WASHINGTON -- Bill Clinton's aides revealed concern early in his presidency about the health care overhaul effort led by his wife, Hillary Rodham Clinton, and later about what they saw as a need to soften her image, according to documents released Friday. Mrs. Clinton now is a potential 2016 presidential contender
The National Archives released about 4,000 pages of previously confidential documents involving the former president's administration, providing a glimpse into the ultimately unsuccessful struggles of his health care task force, led by the first lady, and other Clinton priorities such as the U.S. economy and a major trade agreement.
Hillary Clinton's potential White House campaign has increased interest in Clinton Presidential Library documents from her husband's administration during the 1990s and her own decades in public service.
A former secretary of state and New York senator, Mrs. Clinton is the leading Democratic contender to succeed President Barack Obama, though she has not said whether she will run.
Friday's documents included memos related to the former president's ill-fated health care reform proposal in 1993 and 1994, a plan that failed to win support in Congress and turned into a rallying cry for Republicans in the 1994 midterm elections.
The documents also include detailed media strategy memos written as aides tried to soften Mrs. Clinton's image.
Her press secretary, Lisa Caputo, encouraged the Clintons to capitalize on their 20th wedding anniversary as "a wonderful opportunity for Hillary."
Placing Clinton in a historical context "may help to round out her image and make what she is doing seem less extreme or different in the eyes of the media," Caputo wrote in a lengthy August 1995 memo about courting better press coverage as the president looked toward re-election. It noted the first lady had an "aversion to the national Washington media."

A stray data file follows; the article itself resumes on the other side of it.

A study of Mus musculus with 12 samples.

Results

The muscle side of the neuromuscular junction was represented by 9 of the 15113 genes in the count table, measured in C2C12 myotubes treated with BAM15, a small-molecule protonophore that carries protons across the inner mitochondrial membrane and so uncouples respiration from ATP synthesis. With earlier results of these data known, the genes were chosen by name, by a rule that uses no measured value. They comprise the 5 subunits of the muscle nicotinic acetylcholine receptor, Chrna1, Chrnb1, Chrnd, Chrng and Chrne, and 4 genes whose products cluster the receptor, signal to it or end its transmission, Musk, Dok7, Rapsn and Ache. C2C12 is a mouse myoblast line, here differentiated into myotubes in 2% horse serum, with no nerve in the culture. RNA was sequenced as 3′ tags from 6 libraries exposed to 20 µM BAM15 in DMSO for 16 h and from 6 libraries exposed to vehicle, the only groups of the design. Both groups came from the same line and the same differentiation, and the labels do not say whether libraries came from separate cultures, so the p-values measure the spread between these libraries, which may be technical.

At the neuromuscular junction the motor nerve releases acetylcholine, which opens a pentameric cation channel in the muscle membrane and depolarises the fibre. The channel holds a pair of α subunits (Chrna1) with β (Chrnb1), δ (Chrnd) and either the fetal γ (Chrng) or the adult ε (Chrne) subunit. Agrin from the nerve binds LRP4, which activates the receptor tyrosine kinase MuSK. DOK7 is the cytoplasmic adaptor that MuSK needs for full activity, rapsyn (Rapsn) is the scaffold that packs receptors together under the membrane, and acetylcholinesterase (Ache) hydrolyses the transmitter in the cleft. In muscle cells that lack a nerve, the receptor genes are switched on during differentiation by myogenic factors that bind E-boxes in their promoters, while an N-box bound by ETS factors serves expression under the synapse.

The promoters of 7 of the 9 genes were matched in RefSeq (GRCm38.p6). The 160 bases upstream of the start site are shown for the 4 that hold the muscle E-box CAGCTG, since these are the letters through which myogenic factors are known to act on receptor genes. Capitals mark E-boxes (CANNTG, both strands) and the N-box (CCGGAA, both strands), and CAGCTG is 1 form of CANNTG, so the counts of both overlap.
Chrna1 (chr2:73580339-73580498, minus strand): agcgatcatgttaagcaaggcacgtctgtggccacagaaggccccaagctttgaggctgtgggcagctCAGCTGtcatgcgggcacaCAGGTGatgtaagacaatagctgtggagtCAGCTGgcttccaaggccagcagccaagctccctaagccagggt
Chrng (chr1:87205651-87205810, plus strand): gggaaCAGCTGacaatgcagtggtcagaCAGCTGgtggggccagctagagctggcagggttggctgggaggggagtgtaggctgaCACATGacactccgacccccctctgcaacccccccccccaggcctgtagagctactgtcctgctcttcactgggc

As for Clinton himself, by the end of his presidency he showed frustration with his proposed farewell speech to the nation. He told aides that he didn't think the drafts included enough of his administration's accomplishments.
"Doesn't anybody care about me?" he asked aides during his final days in office.
The new documents offer glimmers of Clinton's internal national security deliberations. The most detailed material, contained in files from then-national security speechwriter Paul Orzulak, show top Clinton officials wrestling with how to deal with China's emergence as a world financial power.
Notes from an undated meeting with Berger show the Clinton national security adviser pushing for China's membership in the World Trade Organization despite concerns about human rights abuses.
Other documents released Friday offered a glimpse into the juggling of priorities early in Clinton's first term and administration concerns after Republicans took control of the House and Senate in the 1994 elections.
A July 1993 memo shared among Clinton's advisers sought guidance on how the administration should focus its attention on three major priorities: health care reform, the passage of the North American Free Trade Agreement and an initiative aimed at "reinventing government."
"The president has repeatedly promised that health care will come after the economic package passes," the memo from Clinton advisers Emanuel, Bob Boorstin, Mark Gearan and others said. "Surveys indicate that health care remains the second or third priority (behind job creation) for the vast majority of voters, but also that people fear reform is just another promise to be broken."
"Our core supporters are rapidly losing patience and could block passage by throwing their support to alternative plans," the memo warned.
Associated Press writers Stephen Braun, Henry C. Jackson, Pete Yost, Laurie Kellman, Connie Cass and Charles Babington in Washington and Jill Zeman Bleed in Little Rock, Ark., contributed to this report.